ARCHIVED: Summer Workshops for Adults

library lawn

Creative workshops for adults are taking place at Sarah Lawrence College next week giving vacationing or retired adults an opportunity to work with many of the College’s acclaimed faculty in intensive, residential programs. From June 19 to 24 the bucolic campus is home to aspiring and published poets, fiction and nonfiction writers, playwrights and puppeteers learning or perfecting their art.

Poetry, Fiction and Creative Nonfiction With Some of the Nation’s Best Writers

With its largest group ever, Sarah Lawrence College’s Summer Seminar for Writers is testament that writing is a popular summer pastime. Well over 100 participants of all ages from around the country will spend a week in poetry, fiction and creative non-fiction workshops, as well as individual conferences, pursuing their craft and their calling at the seminar offered by the Graduate Program in Creative Writing at one of the nation’s “inkiest” colleges.

With an acclaimed faculty of poets, fiction and nonfiction writers to guide them, these aspiring writers, some already published, will spend five intensive days writing, discussing their work, listening to others’ and reading their own work.

Faculty members include New York State’s Poet Laureate for 2004 –2006, the United States Poet Laureate for 2001 –2003, Billy Collins; 2004 National Book Award Finalist Joan Silber, 2000 National Book Award Finalist Charles Baxter, Guggenheim Fellows Thomas Lux and Jo Ann Beard and 19 other award winning poets and writers.

Playwriting Intensive: Writing, Reading, Staging in 14-Hour Days

Sarah Lawrence College’s Graduate Program in Theatre is sponsoring a workshop that it believes is a unique model for aspiring playwrights. Playwriting Intensive brings together 20 participants who range in age from 23 to 70 from around the country for 14-hour days. Meeting with seven faculty members, including two directors the participants also have the opportunity to see their work read or staged by actors who have been engaged for the week.

“Having actors rehearse and read the work is one of the factors that distinguishes this program from others,” says Kevin Confoy, the program director and award-winning producer and director of plays off and off-off Broadway. Though different from typical playwriting retreats, the initial inspiration for the intensive workshop came from retreats sponsored by the Ensemble Studio Theatre of which Confoy and other members of the Sarah Lawrence faculty are affiliated, he said. The other unique element, says Confoy, is the use of improvisation. “We give the students a chance to present ideas for problem areas they are encountering to the actors who then improvise possible solutions,” he says.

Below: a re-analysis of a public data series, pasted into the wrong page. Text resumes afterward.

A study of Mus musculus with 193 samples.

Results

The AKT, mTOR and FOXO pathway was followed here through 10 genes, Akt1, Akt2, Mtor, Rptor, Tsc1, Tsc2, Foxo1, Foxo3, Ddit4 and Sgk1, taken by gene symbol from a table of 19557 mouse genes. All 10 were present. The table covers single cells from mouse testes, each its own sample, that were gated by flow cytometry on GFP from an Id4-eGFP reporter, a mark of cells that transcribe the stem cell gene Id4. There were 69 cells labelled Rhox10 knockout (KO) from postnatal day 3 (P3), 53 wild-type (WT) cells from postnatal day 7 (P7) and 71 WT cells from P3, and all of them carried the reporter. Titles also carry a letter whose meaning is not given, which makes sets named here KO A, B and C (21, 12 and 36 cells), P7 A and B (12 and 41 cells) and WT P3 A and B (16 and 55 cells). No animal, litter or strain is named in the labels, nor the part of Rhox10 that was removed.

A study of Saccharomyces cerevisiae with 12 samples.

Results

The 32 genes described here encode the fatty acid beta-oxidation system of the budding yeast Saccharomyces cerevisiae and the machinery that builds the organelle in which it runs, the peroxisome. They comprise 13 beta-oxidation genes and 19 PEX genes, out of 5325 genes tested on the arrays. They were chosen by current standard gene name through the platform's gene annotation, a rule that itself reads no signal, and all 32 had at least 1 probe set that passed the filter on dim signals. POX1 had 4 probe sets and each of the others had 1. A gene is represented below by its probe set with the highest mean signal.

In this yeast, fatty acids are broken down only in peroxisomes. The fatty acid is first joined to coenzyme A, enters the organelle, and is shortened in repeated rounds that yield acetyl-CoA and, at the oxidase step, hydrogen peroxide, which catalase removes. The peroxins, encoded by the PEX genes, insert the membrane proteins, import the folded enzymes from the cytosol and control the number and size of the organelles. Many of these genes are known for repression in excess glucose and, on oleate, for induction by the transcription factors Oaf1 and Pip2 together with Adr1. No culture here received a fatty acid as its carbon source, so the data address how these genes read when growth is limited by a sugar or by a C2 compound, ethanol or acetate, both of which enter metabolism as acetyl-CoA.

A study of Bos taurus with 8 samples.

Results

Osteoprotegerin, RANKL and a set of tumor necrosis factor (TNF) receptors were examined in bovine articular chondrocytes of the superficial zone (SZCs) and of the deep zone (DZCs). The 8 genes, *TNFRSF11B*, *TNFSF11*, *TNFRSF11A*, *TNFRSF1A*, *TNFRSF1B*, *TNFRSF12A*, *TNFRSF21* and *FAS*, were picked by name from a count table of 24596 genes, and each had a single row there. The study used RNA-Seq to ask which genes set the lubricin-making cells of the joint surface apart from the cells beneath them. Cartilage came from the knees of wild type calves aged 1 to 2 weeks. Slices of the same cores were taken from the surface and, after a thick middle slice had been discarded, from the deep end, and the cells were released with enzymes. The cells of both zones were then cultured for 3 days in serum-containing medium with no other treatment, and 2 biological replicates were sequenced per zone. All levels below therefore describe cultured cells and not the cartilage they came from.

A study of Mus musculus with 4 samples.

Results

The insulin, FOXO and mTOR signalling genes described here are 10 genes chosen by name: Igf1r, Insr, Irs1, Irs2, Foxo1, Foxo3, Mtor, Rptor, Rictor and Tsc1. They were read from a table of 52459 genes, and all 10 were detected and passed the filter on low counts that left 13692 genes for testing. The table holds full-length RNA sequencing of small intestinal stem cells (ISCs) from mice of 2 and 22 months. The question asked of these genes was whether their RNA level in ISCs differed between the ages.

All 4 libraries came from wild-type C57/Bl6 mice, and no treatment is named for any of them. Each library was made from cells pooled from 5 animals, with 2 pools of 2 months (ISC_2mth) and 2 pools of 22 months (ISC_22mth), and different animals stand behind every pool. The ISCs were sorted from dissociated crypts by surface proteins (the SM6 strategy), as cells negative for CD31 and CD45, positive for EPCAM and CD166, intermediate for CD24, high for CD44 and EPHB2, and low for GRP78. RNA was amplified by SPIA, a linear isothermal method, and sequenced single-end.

Playwriting Intensive is a residential program beginning Sunday evening. Days run from 9 a.m. to approximately 11:00 p.m. through the week. Though students work in small groups they have an opportunity to work with all faculty members and meet individually with them. The faculty are all professional playwrights, directors or producers. In addition to Confoy, they include: Edward Allan Baker, Clay McLeod Chapman, Christine Farrell, Shirley Kaplan, John Dillon and Arthur Giron.

Puppetry: A Window into the Creative Arts

Among the many programs in the arts that flourish during the summer months are festivals, conferences and workshops in puppetry, an art form that can serve as a window into all the creative arts and is growing in popularity around the country. Under the direction of award-winning artist and performer Dan Hurlin, the Sarah Lawrence program immerses participants in this multidisciplinary art.

Puppetry became popular as a serious art form in America during the 1960s, when experimental theatre groups seized upon the medium as a new way of communicating with their audiences. Since then many theatre productions have featured puppets, often in conjunction with live actors. Even so, Americans usually think of puppetry as a children’s amusement, despite the fact that in other countries puppetry is considered to be a highly developed art form producing legitimate theater for adults.

Puppetry involves the intersection and integration of many art forms—set design, painting, sculpting, playwriting and music, among others—which make it a popular way to introduce students of all ages to the performing and visual arts.

Program director Dan Hurlin is the creator of the 2004 award winning performance work “Hiroshima Maiden.” He is the recipient of a 2002 Guggenheim Fellowship and a National Endowment for the Arts grant. He earned a 2000 Dance and Performance Award (commonly referred to as the “Bessie” award) for his suite of puppet pieces, “Everyday Uses for Sight: Nos. 3 & 7.” In 1990 he received a Village Voice Obie Award for his solo adaptation of Nathanael West’s “A Cool Million” and in 1998 was nominated for an American Theatre Wing Design Award for the set of his chamber opera “The Shoulder.”